Feb 13 2013Slowly, local developers embrace new land use ideas
Slowly, local developers embrace new land use ideas
By Mark Barrett
Asheville - More Developers in Buncombe County have begun paying attention to the idea that people may want to use their feet for more than just walking between their home and their car.
There are still relatively few developments built strictly according to ideas about land use called "New Urbanism" or "Traditional Neighborhood Development." But a growing number of developments, like the mixed-use project Eastwood Village in Reynolds, employ at least some of the principles.
Communities built along a New Urbanism model often feature sidewalks, homes with front porches moved closer to the street and a variety of housing types designed to attract people of different ages and income levels.
The separation between residential and commercial land uses is less clear cut, streets often form a grid instead being laid out as a series of cul-de-sacs feeding a central artery and individual lots are frequently smaller to make way for a park or other common green space.
The benefits, according to backers, are neighborhoods that create a sense of community, reduce dependence on the automobile and create affordable housing. Developers pick and choose which of these principles they think make sense for their project, meaning some projects in the area are something of a hybrid. Developers "have had this assembly-line approach to development and Traditional Neighborhood Development takes time," said James Bannon, president of a local group promoting environmentally-sensitive development.
"There's definitely going to be a learning curve for developers because it's really going to be a break with what they've done for 40 or 50 years," he said. Bannon, head of Smart Growth Partners of Western North Carolina, said he has been generally impressed with what he has seen of plans for Eastwood Village even though it does not conform to New Urbanism principles in every way. "It will be better than 90 percent of the development that has happened over the past 10 or 20 years," Bannon said. Eastwood Village won't have sidewalks in some areas, for instance, and some residential streets are cul-de-sacs.
Harry Pilos, whose Delphi Development is developing Eastwood Village, said traffic levels n the development will mean it will still be walkable and that the site's topography dictated the street layout. "I'm all for smart growth if it's really smart growth. I'm not for it just as a buzzword," he said.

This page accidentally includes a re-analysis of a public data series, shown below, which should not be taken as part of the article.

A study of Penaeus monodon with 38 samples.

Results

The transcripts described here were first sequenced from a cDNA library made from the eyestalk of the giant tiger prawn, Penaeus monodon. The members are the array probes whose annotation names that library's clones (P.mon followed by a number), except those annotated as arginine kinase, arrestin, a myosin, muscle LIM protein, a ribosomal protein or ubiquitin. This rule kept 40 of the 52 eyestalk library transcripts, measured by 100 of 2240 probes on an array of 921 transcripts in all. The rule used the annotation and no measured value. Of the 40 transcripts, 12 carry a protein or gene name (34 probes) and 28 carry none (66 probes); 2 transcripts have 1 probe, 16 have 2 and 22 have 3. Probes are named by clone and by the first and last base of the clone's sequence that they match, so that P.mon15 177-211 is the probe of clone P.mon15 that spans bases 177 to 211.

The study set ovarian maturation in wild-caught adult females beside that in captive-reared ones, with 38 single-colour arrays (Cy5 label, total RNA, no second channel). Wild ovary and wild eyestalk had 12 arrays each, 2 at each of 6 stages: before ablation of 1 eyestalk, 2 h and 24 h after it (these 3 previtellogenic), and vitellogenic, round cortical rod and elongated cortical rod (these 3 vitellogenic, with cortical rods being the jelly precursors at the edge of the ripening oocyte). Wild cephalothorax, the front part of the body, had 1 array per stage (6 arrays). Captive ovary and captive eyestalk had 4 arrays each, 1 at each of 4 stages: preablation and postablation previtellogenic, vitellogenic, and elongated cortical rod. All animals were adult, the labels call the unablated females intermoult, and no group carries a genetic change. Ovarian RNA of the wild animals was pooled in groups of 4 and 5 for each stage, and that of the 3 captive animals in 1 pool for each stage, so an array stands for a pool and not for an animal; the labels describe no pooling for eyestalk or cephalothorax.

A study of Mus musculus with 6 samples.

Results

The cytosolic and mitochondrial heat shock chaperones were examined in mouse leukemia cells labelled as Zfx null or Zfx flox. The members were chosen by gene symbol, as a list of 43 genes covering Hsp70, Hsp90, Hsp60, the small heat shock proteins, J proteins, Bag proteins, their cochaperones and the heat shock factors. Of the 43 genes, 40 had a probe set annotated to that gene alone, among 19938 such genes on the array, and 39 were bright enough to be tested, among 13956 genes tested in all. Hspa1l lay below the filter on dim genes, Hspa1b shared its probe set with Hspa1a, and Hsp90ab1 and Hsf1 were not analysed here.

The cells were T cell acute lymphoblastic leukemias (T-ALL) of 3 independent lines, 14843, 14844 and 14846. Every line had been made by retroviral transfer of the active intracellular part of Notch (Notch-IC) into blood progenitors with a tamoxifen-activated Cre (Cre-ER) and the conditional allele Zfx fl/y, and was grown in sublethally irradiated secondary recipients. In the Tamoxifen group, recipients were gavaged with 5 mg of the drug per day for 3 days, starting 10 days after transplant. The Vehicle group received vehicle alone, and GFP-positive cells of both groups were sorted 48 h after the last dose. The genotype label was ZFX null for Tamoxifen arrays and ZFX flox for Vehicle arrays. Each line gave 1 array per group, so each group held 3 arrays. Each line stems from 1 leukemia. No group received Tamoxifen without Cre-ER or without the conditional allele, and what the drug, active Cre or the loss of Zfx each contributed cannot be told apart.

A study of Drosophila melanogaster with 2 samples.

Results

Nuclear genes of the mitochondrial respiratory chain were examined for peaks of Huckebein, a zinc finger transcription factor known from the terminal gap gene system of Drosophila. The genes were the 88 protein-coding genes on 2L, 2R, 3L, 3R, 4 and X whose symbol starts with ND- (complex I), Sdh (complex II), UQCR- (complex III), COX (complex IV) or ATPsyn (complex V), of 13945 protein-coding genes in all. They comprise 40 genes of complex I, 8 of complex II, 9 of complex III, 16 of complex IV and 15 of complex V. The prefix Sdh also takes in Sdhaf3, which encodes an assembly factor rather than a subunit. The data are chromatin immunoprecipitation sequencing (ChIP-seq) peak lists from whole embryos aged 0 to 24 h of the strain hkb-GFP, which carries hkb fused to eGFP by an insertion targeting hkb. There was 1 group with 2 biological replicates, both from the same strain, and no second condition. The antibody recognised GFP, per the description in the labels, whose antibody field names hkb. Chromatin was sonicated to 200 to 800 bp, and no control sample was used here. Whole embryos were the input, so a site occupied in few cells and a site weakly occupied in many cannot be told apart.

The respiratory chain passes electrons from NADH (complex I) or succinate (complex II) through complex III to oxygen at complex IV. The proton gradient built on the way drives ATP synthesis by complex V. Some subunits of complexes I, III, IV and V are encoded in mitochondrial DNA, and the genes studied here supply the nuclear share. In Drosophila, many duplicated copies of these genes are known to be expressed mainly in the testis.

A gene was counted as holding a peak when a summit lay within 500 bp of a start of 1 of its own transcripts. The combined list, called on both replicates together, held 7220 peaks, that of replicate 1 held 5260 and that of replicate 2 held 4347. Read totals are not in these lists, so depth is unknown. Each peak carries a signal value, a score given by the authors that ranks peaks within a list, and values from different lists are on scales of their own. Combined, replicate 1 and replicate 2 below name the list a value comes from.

Eastwood Village is also constrained by what lies around it. A grocery store, drug store, two school and tow other commercial buildings are wall within walking distance. But most of those buildings lie on the other side of Charlotte Highway, soon to become five lanes, and there is no sidewalk connecting any of them.Getting people to walk from Eastwood Village to other places in the area "is going to be tough" due to habit and lack of facilities, said Michael McDonough, an architect who has worked on Eastwood Village. "You almost have to reprogram yourself to just walk instead of getting into the car to get everything," he said.
Pilos said he has begun discussions with county government and others with interest in the area and is preparing to approach the state Department of Transportation to see what can be done about making the area more pedestrian-friendly. Other area projects that incorporate at least some New Urbanism principles include Cheshire on N.C. 9 south of Black Mountain, Artisan Park on Old Haywood Road in West Asheville, Straus Park on U.S. 64 in Brevard and Biltmore Park on Long Shoals Road in Skyland.
"The market's saying we want a choice. We have enough strip shopping centers or big boxes ore suburban subdivisions," Bannon said. In fact, Bannon said, the strength of demand means much of the housing in the developments is not particularly affordable.
"The prices have gotten astronomical because there's such a limited supply," he said. "People are just sick of sitting in their cars for an hour or two a day and having to drive to do everything."